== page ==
Rising milk production, dairy stocks put downward pressure on prices
Milk production continues to run well above a year ago. December milk production was 3.1% higher than a year ago marking the second straight month above 3%. Milk cow numbers have been increasing since July with another 12,000 in December bringing the total increase to 100,000. December cow numbers were 1.1% higher than a year ago. Of the 24 selected states just 8 had fewer milk cows than a year ago. Milk per cow continues well above the normal trend being up 2.0%.
Each of the five top dairy states that produce over half of the milk production had relatively strong increases in December. The increases were: California 3.2%, Wisconsin 2.6%, Idaho 1.2%, Texas 7.5% and New York 2.2%. South Dakota led all states with an increase of 11.9% followed by Indiana 9.8%, Colorado 6.3%, Kansas 5.1%, Michigan 4.9%, Illinois and Minnesota 4.7%, Iowa 4.3% and New Mexico 3.7%. Of the 24 selected states just six had lower production with Florida leading with 5.0% followed by Vermont with 3.1%.
With this relatively high milk production dairy stocks are building. Butter and cheese stocks both built from November 30th to December 31st. Compared to a year ago December 31st stocks of butter were 44.4% higher, American cheese stocks 6.8% higher, and total cheese stocks 5.7% higher.
Relatively high milk production and higher dairy stocks are putting downward pressure on the price of cheese and butter.
In early January, 40-pound cheddar cheese blocks were $1.6175 per pound and barrels $1.4825 per pound. Then it was announced that a fifth round of the Farms to Families Food Box Program would run from January through April of 2021. The cheese market responded with blocks reaching $1.9625 per pound by Jan.11 and barrels $1.6525 by Jan. 7.
But realizing cheese purchases under the program probably can not hold prices at these levels, prices fell Monday with blocks at $1.61 and barrels at $1.3925. Butter showed similar price moves starting in January at $1.29 per pound reaching $1.4550 by Jan. 20 and has fallen to $1.36.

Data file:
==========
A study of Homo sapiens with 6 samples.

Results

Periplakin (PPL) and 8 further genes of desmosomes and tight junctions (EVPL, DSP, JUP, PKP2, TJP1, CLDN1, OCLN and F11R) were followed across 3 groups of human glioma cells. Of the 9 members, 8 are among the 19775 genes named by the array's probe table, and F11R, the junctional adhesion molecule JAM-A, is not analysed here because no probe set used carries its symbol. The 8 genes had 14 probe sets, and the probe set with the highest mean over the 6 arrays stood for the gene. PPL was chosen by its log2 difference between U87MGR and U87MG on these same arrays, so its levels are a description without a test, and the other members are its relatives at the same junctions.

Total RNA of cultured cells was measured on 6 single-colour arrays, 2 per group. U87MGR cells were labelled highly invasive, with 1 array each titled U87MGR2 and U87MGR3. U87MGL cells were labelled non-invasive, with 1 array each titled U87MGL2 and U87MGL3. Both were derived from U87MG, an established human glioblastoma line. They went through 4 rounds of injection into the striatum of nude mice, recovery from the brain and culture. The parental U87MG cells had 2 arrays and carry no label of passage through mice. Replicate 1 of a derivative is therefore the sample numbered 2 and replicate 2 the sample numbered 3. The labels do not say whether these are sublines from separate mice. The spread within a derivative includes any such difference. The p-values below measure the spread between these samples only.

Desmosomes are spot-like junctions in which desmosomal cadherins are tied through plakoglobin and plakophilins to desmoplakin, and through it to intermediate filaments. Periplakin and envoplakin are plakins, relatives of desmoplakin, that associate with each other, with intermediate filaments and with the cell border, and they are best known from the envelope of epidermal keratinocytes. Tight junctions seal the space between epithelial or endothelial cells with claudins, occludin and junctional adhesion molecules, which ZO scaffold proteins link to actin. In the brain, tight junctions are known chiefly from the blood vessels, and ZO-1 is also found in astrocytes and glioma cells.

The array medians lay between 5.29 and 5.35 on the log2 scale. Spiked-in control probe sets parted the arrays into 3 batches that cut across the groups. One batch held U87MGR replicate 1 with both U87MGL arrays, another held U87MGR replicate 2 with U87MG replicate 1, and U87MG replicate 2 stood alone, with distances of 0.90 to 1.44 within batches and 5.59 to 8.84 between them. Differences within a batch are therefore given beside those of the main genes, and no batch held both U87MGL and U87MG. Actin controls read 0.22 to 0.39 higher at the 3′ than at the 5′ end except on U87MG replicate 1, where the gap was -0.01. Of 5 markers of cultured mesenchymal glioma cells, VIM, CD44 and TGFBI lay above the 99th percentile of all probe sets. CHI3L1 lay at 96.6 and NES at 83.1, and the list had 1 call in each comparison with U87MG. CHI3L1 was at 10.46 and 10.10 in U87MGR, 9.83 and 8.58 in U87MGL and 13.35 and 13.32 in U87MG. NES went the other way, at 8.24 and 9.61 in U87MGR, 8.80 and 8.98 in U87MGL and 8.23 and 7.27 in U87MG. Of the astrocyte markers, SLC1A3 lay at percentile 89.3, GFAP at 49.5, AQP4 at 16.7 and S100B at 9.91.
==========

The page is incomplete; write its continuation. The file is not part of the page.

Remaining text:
Nonfat dry milk has shown strength starting January at $1.1475 per pound and reaching $1.2150 before falling to now at $1.1625 per pound. Dry whey continued to strengthen in January starting at $0.4650 per pound to now at $0.54 per pound. With some strengthening in dairy product prices the Class III price will be near $16.15 in January compared to $15.72 in December and the Class IV price near $13.80 compared to $13.36 in December.
The outlook for milk prices remains uncertain. With the growth in milk production improved domestic sales of milk and dairy products and favorable dairy exports will be needed to maintain and to increase milk prices.
Until COVID-19 comes more under control, dairy product sales will be dampened. Hopefully with the vaccine things will be different and sales will improve by the second half of the year with restaurants more fully opened and schools returning to in person learning.
After a 14-month of year-over-year volume growth, November exports were down slightly, 0.2%. Compared to a year ago, dry whey exports were 27% higher due to continued strong sales to China, but nonfat dry milk/skim milk powder exports were 8% lower, cheese 16% lower and butterfat 3% lower.
Looking ahead, exports going into next year could remain positive for milk prices especially for nonfat dry milk/skim milk powder, whey products and butterfat as prices remain competitive with world prices. Milk production for 2021 by the five largest dairy exporters (EU-28, New Zealand, U.S., Argentina and Australia) is forecasted to be up about 1%.
COVID-19 continues to restrict domestic demand in each of these exporters so most of increased milk production will be available for export. Also, it will take time for the world economies to recover from the recession caused by COVID-19.
Government purchases of dairy products will provide support to milk prices. There is $400 million under the Dairy Donation Program to pay for milk to be processed into dairy products and donated to nonprofit entities. There will be purchases of fluid milk, butter and cheese under Section 32 of the Act of August 24,1935. And from January through April there will be purchases under the Farms to Families Food Box Program. It is not certain that the new administration will continue this program beyond April.
So, with the current amount of milk being produced we could see the Class III price in the $16’s first half of the year and the $17’s the second half if COVID-19 is more under control and things turn more to normal.
The Class IV price could be in the $14’s and $15’s the first half of the year and the $16’s the second half. But none of this certain and a lot could change this forecast. USDA in their last forecast was not quite this optimistic. USDA forecasted Class III to average $16.90 compared to $18.25 last year and Class IV to average $14.10 compared to $13.48 last year.
Cropp is Professor Emeritus at the University of Wisconsin Cooperative Extension, University of Wisconsin-Madison.